Postpartum Meal Planning - Mothering Forums

 

 

I'm due in the beginning of July with my 3rd child (my other two are older - 12 and 7) and I'd like to start the planning process now (with the actual preparing beginning in April or so).

 

I can (have both a hwb and a pressure canner), plan on buying a dehydrator in the spring and have a huge stand up freezer.

 

I'm looking to start putting together a list of meals and meal ingredients (and snacks etc . . .) to have on hand for the first 6-8 weeks postpartum.

 

Because it'll be summer, food will be fresh and easy to prepare and most nights it shouldn't be too hard to throw something on the grill with minimal preparation and attention.

 

But I would still like some stuff stocked up so when I get a few minutes I can concentrate on preserving this summers food for next year too!

 

I'm looking at stocking up on a few dinners (preferably not casseroles and soups since it'll be summer) dinner ingredients (like precooked beef and chicken to add to fajitas and stirfrys and pizzas), snacks, breads, breakfasts etc . . .

 

Can anyone help point me in the direction of some similar threads or blogs or cookbooks, or post any ideas for freezer/pantry/canning for some go to summertime postpartum eating?!

 

 

Thanks so much!


Crystal
 
 

 

But one thing I've never been good at is planning more than a week in advance and even though I've half attempted freezer cooking I've never really got it down. My freezer is mostly filled with last summers fruits and veggies, stocks and meat.

 

So I'm good with advance planning and preparing - just not on such a large scale!


Crystal
 
 

 

There is also this long running thread that has loads of feed the freezer type recipes.  What about selecting one or two of them a week to make in the two or three months leading up to the due date?

 

Instead of trying to sit down and plan out a whole month just do it one week at a time, but don't wait until the week is up before you start the next week, does that make sense?  Don't look at it as large scale if that is what intimidates you.

 

When I was getting geared up to have my second this past July, I wrote out a few lists, the first was a list of dinners that could be frozen (many were from that thread linked above), the second was a list of Quick/Cold dinner ideas (ie no or little cook so it wouldn't heat up our non-air conditioned house, and the last was a sandwich type list that have four categories- starch (bread, rolls, chips, pasta), protein (meats, beans, cheeses), sauces (dressings, pesto, etc. and toppings (veggies, fruits, cheeses, spreads, meats).  This way I could select any combo from that list and come up with a few varieties of dinners/lunches.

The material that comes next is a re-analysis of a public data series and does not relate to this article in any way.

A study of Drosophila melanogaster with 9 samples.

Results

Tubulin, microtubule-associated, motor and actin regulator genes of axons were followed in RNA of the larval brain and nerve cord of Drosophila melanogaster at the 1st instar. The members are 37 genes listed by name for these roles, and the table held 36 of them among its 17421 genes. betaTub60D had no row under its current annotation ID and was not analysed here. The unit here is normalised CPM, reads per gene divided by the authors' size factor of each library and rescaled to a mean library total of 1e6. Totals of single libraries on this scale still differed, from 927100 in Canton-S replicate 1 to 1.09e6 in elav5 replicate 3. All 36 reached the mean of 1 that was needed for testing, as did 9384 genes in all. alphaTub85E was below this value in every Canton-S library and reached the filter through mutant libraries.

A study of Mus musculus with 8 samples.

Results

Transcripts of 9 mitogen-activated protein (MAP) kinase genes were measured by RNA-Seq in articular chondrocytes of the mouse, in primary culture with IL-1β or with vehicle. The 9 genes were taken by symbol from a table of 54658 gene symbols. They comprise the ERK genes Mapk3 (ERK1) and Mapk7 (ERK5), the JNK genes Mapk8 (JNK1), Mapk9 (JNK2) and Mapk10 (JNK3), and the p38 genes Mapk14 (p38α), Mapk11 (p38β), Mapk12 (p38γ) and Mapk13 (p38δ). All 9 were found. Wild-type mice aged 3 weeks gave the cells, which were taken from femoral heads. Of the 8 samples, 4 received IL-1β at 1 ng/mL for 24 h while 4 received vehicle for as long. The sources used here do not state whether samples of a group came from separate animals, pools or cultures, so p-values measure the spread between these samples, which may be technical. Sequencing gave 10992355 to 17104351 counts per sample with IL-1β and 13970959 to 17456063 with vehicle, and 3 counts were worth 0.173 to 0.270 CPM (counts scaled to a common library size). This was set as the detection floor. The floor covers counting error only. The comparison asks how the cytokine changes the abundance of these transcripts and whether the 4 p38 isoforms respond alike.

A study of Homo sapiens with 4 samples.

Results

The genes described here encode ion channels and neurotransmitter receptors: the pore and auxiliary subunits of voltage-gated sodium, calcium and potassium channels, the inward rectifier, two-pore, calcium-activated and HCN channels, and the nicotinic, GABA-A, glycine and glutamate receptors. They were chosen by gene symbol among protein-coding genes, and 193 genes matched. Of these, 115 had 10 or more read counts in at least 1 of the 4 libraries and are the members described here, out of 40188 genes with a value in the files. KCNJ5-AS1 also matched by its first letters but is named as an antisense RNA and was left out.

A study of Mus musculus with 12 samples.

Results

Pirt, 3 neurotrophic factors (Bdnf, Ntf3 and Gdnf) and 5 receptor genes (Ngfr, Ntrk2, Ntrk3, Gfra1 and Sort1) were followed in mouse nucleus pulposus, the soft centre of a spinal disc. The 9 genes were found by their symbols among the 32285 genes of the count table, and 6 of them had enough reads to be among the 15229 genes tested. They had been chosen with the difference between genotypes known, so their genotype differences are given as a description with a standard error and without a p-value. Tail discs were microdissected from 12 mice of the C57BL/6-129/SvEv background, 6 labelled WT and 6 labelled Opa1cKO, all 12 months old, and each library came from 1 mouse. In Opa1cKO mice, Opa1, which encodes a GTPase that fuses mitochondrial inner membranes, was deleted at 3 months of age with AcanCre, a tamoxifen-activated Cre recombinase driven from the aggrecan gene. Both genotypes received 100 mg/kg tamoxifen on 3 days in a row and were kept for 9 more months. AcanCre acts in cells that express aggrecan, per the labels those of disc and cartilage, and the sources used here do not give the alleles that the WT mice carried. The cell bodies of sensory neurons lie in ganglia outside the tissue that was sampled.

If the goal is to cut out a little time from dinner prep so that you can have some time to work on harvest preservation, I would recommend consolidating dinner prep.  For example, Monday night grill up some burgers, BBQ chicken, plain/marinated other chicken breasts, and veggies.  Slice up several nights worth of veggies for snacking, putting on sandwiches, tossing with some lettuce and dressing, and cook some plain noodles.  You would eat the hamburgers the first night with the hot grilled veggies.  Day two you eat some cold BBQ chicken and some of the sliced veggies, and day three you have the chicken breast with the pasta and some of the leftover sliced veggies all tossed together with either bottled salad dressing (whatever variety is appealing) or a quick mayo and herb seasoning to make a chicken pasta salad.  This way the first night is the only night of the three that you need to do any length of cooking.  Day two and three are basically ready, especially day two.  Day three could be ready if you assemble the chicken noodle salad the first night and just cover it in the fridge (maybe you would then switch day two and three so that salad wouldn't sit as long).  Day four could stay no prep by using one of your preplanned freezer meals for dinner.  This way out of four nights dinner would only need real work once which leaves three days for harvest preservation.

 

I'm sure other people have more suggestions, but hope my two cents help a bit.  Just do a little bit of the planning each day/week and you should be fine.

 


 


Crystal
 
 
 

 

I also second the pp's suggestion to have freezer meals (complete), some meal helpers (marinated chicken, etc), and a list of really easy meals.  Initially postpartum, my brain is just in a fog, and it's nice to not have to think about anything, but have it all planned out for me.